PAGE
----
This is an interesting article about how peer evaluations of female residents go down after pregnancy, while evaluations of men who have children during residency do not go down.
I was wondering why this might be the case. I thought of a few possibilities:
1) resentment towards pregnant residents who took a leave and everyone
had to do extra work to cover. I wonder how evaluations might be
affected in other residents who took leave for other reasons. Of course,
people generally think of pregnancy as “a choice“ so leaves for other
medical reasons might be looked at more sympathetically.
2) performance may actually decline after having a baby. I don’t know
about you, but if I am awake breast-feeding two or three times per
night, I’m probably not going to perform at the same level as I was when
I was well rested. Also, once you have a baby, no matter how good your
support system is, you’re still somewhat at the mercy of your child’s
health. Even if you have someone to watch them when they are sick, you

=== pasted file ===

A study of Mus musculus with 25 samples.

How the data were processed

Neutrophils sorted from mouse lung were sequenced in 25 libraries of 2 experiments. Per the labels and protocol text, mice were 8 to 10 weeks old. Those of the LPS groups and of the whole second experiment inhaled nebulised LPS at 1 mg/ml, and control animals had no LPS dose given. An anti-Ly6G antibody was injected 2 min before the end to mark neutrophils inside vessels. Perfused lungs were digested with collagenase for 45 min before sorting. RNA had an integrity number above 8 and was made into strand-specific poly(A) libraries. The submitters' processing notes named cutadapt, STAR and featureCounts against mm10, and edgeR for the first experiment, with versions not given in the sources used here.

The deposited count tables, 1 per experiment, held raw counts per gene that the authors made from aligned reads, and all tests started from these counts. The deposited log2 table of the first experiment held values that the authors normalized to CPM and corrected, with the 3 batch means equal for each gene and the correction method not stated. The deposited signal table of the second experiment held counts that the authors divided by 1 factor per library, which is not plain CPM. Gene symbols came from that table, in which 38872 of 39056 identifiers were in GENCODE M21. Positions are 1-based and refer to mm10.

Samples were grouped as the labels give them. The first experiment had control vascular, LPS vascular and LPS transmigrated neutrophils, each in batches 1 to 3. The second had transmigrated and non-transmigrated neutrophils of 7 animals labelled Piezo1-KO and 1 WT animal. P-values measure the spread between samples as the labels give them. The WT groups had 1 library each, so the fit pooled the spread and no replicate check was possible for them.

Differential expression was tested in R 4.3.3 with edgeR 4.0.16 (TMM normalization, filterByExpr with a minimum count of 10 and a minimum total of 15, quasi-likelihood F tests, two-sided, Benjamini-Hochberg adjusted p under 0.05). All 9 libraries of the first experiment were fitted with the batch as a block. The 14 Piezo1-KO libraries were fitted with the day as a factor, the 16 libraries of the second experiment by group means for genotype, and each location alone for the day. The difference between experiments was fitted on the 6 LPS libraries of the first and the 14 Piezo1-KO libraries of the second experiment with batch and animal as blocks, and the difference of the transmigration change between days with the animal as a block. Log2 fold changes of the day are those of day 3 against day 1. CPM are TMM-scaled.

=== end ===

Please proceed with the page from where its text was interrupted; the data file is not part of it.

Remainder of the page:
probably aren’t going to be able to work when you are actively vomiting
from the G.I. bug that they gave you. (I tried. I was sent home.)
again, this is something where man should theoretically be affected as
much as women, but there is probably more of a tendency for men who
decide to have a baby during residency to have a spouse with a more
flexible career. And also, they don’t have to breast-feed.
3) Other residents might not take you as seriously when you become a
parent. They may feel your priorities are shifted, even if that’s not
actually the case.
What do you think? If you had a baby during residency, do you think it
changed what the other residents thought of you? Did you change your
opinion of female residents that you worked with after they had a baby?